The headquarters of The New York Times. Photo: Wikimedia Commons.
Jewish leaders are condemning as inaccurate a New York Times article describing the 1991 Crown Heights riot as turning streets into “combat zones, pitting groups of Hasidic Jews against mostly Black men.”
The passage came in a long article in Monday’s New York Times, a week before an election, that explored “How the Hasidic Jewish Community Became a Political Force in New York.” As usual for the Times, the article is by a non-Hasidic reporter, although the newspaper frequently strives to assign women, Black, Hispanic, and gay reporters to articles about the politics of those communities.
Why this is a story for the Times to explore at such length is a question in itself. Perhaps the Times is preparing its left-wing readers so that they have someone to blame (Hasidim!) if Republican Lee Zeldin beats Democratic Governor Kathy Hochul in the election. Or perhaps it is an outgrowth of the Times campaign against Jewish education, a campaign the newspaper has been waging at least since 2016.
Whatever the motive, what really irked Jewish readers was the recap of the Crown Heights riots, which the Times itself, by its own journalists’ later public admission, failed miserably to cover accurately back when it actually happened.
The October 31, 2022 Times article describes it this way:
The violence and chaos was almost unimaginable. Overnight, Brooklyn streets had turned into combat zones, pitting groups of Hasidic Jews against mostly Black men — some holding longstanding grudges over what they saw as the Hasidic community receiving preferential treatment from the police and the city. Racial and antisemitic epithets filled the air alongside hurled rocks and bottles.
A police-led motorcade of the Lubavitcher grand rebbe had fatally struck a Black child, and in the melees that followed, a visiting Australian Hasidic scholar was stabbed to death. Hasidic leaders in Brooklyn pleaded with city officials for more police intervention and protection, but the help did not come until days later.
Rabbi Mordechai Lightstone of the Crown Heights-based Chabad Lubavitch Hasidic group tweeted that the Times language was “absolutely bizarre” and “deeply problematic.”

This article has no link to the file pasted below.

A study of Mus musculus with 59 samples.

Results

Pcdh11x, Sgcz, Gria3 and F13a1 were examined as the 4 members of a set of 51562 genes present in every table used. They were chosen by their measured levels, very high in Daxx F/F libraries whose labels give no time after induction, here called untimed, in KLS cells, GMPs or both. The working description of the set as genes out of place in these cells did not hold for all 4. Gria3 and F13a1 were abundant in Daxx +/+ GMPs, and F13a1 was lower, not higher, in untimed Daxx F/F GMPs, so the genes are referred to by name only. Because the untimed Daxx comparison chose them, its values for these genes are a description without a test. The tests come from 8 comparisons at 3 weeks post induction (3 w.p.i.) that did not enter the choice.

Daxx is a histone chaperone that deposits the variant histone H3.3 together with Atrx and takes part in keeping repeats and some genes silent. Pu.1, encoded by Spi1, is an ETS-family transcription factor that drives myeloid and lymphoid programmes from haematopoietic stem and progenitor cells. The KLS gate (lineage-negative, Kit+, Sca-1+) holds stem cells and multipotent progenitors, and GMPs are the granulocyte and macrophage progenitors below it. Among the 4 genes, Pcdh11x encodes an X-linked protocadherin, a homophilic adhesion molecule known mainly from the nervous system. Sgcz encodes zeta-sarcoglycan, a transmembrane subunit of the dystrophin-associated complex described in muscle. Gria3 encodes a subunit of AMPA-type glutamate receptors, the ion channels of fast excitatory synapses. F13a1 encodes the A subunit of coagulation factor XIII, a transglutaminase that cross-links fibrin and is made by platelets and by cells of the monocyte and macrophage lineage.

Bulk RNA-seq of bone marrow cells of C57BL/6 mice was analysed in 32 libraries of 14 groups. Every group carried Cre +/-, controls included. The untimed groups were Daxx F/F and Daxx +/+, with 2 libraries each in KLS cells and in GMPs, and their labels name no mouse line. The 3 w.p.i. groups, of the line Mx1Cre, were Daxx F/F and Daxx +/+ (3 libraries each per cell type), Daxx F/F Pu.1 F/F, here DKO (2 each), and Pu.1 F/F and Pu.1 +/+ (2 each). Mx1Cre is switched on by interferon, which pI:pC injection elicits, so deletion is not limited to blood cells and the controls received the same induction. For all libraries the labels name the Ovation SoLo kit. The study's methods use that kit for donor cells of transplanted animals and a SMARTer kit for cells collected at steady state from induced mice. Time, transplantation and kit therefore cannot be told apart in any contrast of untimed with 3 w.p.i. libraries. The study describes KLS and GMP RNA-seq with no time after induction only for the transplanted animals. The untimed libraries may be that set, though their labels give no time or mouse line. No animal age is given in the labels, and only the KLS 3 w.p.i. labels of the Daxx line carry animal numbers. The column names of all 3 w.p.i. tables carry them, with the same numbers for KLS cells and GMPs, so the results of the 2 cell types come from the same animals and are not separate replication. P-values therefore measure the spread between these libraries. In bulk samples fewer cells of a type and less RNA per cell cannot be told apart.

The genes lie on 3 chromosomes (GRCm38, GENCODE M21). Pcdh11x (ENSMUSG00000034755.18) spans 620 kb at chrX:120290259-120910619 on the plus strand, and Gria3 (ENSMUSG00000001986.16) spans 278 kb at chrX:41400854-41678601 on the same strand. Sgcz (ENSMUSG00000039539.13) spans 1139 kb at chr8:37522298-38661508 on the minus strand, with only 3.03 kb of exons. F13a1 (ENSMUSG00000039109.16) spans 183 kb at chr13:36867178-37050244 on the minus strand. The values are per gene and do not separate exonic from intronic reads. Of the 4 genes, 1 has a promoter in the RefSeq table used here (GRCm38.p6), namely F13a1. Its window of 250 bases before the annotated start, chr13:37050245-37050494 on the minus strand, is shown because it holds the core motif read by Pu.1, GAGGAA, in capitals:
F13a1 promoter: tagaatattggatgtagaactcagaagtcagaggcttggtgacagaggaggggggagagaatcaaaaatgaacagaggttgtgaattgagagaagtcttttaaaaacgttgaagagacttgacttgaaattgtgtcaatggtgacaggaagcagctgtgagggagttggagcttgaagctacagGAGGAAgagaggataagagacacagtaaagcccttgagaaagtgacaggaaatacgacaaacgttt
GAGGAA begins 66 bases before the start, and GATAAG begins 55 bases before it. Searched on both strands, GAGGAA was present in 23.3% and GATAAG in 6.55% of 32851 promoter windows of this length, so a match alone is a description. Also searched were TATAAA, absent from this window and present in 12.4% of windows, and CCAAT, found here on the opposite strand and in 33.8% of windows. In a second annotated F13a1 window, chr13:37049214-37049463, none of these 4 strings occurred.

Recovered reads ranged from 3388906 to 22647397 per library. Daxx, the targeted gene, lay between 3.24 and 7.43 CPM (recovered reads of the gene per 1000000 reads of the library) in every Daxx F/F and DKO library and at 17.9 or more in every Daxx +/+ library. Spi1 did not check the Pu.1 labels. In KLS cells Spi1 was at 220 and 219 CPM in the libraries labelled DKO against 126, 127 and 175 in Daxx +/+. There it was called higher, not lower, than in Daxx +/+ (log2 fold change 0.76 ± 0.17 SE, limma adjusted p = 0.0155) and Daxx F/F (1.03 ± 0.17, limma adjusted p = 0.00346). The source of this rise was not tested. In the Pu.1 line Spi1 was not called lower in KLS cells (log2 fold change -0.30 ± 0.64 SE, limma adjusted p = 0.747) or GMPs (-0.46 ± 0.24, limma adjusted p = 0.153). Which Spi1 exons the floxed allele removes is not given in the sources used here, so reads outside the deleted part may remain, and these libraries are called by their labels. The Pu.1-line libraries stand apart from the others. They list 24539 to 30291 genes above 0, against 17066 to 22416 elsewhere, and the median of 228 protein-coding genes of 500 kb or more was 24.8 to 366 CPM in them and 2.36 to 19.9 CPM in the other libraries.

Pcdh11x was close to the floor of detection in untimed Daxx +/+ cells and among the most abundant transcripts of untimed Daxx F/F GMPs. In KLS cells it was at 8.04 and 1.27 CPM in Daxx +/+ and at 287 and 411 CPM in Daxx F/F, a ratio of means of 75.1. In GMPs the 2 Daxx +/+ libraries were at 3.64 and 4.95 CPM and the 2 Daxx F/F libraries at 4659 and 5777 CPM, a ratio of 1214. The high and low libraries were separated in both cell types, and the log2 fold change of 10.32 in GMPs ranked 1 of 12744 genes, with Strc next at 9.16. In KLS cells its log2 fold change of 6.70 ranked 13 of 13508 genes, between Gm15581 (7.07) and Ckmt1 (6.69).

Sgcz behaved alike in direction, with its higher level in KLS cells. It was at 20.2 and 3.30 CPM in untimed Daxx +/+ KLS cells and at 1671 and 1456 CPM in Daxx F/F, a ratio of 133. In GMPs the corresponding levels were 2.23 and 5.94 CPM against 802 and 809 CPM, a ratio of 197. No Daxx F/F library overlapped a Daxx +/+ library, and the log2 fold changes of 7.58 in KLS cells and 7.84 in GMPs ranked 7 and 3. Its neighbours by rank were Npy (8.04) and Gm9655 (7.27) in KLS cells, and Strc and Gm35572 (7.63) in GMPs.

An editor at the Wall Street Journal, Elliot Kaufman, wrote that the New York Times “is continuing its 30-year campaign of lies about the Crown Heights Riot.” Kaufman wrote that Yankel Rosenbaum “was killed by an anti-Semitic mob that set on him because he was an identifiable Jew. Does this sound like a ‘melee’ or clash ‘pitting groups of Hasidic Jews against mostly Black men’?”
An online news and opinion website sponsored by the conservative Heritage Foundation, The Daily Signal, ran an article about the situation headlined, “Jewish Leaders Condemn ‘Antisemitic’ New York Times Article for ‘Whitewashing’ a ‘Pogrom.’”
The author of the Times article, Emma G. Fitzsimmons, did not immediately respond to an email from The Algemeiner asking if she had a response to the criticism.
Times coverage of the riot has been a long-running sore point with Jewish readers. In 2011, Jeffrey Goldberg wrote in the Atlantic, “It is astonishing, the lengths the Times went to prove that a riot that was antisemitic on its face wasn’t, in fact, antisemitic.” Ari Goldman, who was working for the Times, later wrote in the Jewish Week, “I read an opening paragraph, what journalists call a ‘lead,’ that was simply untrue: ‘Hasidim and blacks clashed in the Crown Heights section of Brooklyn through the day and into the night yesterday.’ In all my reporting during the riots I never saw — or heard of — any violence by Jews against blacks. But the Times was dedicated to this version of events: blacks and Jews clashing amid racial tensions.”
A 2017 Times article essentially denied that Jews in Crown Heights even exist, describing the neighborhood as “a largely West Indian and African-American community.”
Thirty years after the riot, the Times still can’t get the story right.
Ira Stoll was managing editor of The Forward and North American editor of The Jerusalem Post. His media critique, a regular Algemeiner feature, can be found here.